Nikolai Karamzin – writer and historian
Nikolai Karamzin was a Russian writer, historian, and journalist. He was a founder of 19th-century Russian imperial conservatism and a pioneer national historian.
Nikolai Mikhailovich Karamzin was born on December 1, 1766 in the Simbirsk province. The boy was educated at home and at the age of fourteen went to continue his studies in Moscow. He wrote poetry and several novels, including Poor Liza. He joined the active Masonic movement. Karamzin served only briefly in the military before retiring to devote himself to intellectual pursuits.
In 1789 he travelled to western Europe where he visited several luminaries, including Immanuel Kant. He described his trip in his Letters of a Russian Traveler, published in 1790.
His main purpose in literature and journalism was to promote a culture of politeness. He founded several journals. In 1802 Karamzin founded the monthly European Messenger, one of the most important “thick journals” of the 19th century.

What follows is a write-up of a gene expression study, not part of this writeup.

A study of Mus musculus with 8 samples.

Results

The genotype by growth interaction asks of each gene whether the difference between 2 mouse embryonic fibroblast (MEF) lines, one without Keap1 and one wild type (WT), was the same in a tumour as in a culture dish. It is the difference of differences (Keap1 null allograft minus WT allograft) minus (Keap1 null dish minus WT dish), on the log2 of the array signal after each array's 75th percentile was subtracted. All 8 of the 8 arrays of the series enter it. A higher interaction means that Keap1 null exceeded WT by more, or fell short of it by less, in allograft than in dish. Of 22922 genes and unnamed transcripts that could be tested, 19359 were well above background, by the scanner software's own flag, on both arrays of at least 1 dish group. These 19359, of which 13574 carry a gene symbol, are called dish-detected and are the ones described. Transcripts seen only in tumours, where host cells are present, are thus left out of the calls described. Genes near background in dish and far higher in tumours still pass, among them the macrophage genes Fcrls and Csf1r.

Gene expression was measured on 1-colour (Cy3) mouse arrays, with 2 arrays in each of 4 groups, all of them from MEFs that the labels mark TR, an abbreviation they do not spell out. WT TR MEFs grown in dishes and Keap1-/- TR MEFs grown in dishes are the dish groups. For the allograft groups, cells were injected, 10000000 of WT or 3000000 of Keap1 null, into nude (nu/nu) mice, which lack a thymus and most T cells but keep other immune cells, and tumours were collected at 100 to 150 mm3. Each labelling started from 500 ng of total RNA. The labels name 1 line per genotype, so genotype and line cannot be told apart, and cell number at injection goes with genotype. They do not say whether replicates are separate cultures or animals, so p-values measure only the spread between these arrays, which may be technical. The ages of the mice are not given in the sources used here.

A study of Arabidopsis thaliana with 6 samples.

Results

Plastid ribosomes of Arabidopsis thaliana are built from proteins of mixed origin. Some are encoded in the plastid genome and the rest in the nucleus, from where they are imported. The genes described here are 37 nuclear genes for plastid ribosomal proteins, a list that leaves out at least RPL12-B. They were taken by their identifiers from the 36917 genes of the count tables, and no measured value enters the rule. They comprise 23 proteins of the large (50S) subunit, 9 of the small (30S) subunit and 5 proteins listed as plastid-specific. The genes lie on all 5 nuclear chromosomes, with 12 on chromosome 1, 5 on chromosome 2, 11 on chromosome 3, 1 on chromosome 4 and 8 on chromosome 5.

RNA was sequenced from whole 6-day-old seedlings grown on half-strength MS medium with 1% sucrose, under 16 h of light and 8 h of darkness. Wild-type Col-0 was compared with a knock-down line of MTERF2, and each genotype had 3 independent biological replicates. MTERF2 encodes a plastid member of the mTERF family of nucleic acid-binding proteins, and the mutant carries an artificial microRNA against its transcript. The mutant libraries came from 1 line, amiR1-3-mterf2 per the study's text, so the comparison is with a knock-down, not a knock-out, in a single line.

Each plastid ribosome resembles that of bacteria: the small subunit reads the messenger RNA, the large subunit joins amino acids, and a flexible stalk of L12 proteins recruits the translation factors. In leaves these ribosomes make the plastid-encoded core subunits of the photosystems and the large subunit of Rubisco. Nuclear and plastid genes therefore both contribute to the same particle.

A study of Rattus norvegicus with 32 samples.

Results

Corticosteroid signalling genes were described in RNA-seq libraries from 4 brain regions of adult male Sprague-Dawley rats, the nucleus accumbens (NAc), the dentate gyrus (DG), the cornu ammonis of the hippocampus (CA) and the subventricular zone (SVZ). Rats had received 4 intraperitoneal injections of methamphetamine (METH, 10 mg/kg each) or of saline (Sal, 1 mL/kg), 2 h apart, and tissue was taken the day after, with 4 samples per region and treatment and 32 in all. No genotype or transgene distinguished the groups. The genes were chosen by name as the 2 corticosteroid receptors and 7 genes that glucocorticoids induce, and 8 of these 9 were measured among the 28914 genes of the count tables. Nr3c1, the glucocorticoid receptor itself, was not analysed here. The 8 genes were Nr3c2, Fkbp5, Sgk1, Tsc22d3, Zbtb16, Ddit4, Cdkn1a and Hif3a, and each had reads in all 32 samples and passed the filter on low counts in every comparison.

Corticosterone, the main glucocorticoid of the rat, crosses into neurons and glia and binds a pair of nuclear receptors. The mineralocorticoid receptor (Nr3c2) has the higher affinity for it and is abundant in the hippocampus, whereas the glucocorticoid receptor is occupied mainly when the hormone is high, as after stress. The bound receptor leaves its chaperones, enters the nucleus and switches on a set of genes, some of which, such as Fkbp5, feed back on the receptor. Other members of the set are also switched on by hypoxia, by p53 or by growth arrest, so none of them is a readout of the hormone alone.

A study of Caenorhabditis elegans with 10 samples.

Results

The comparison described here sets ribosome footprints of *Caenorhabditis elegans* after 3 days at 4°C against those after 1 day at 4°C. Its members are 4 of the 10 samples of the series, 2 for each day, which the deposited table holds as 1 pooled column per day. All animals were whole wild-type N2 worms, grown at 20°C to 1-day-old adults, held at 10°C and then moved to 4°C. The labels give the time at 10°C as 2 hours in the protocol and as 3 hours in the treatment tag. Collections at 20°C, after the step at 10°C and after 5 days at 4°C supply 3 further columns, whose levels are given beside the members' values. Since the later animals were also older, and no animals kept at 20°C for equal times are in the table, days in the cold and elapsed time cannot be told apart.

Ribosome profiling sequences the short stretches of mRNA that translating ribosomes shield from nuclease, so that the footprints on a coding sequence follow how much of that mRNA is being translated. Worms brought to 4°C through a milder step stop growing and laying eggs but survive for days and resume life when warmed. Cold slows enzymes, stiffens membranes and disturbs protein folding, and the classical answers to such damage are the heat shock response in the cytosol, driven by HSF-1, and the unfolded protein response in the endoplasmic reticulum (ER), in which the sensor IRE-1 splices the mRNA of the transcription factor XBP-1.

In October 1803, Karamzin became official historiographer to Tsar Alexander I. He uncovered many yet unknown sources on Russian history.
In 1811 Karamzin presented his Memoir on Ancient and New Russia. Seven years later, in 1818, he published the first eight volumes of his History of the Russian State, of which 11 of the 12 volumes were published before his death. Alexander Pushkin called the History “the heroic deed of an honest man.”
In 1816 Karamzin moved to St. Petersburg.
In 1825 the unexpected death of Alexander and the Decembrist Revolt undermined Karamzin’s health. He died on May 22, 1826. Karamzin was married twice and had 10 children.
Karamzin’s work was very important for the development of the literary language. He sought to create one language “for books and for society, to write, as they say, and speak as they write.” He freed the literary language from Slavic words – heavy and dilapidated words and phrases, simplified the syntax, created and introduced a large number of necessary new words, such as the future, industry, the public, love, human. At the beginning of the nineteenth century literary youth fought vigorously for the language reform of Karamzin.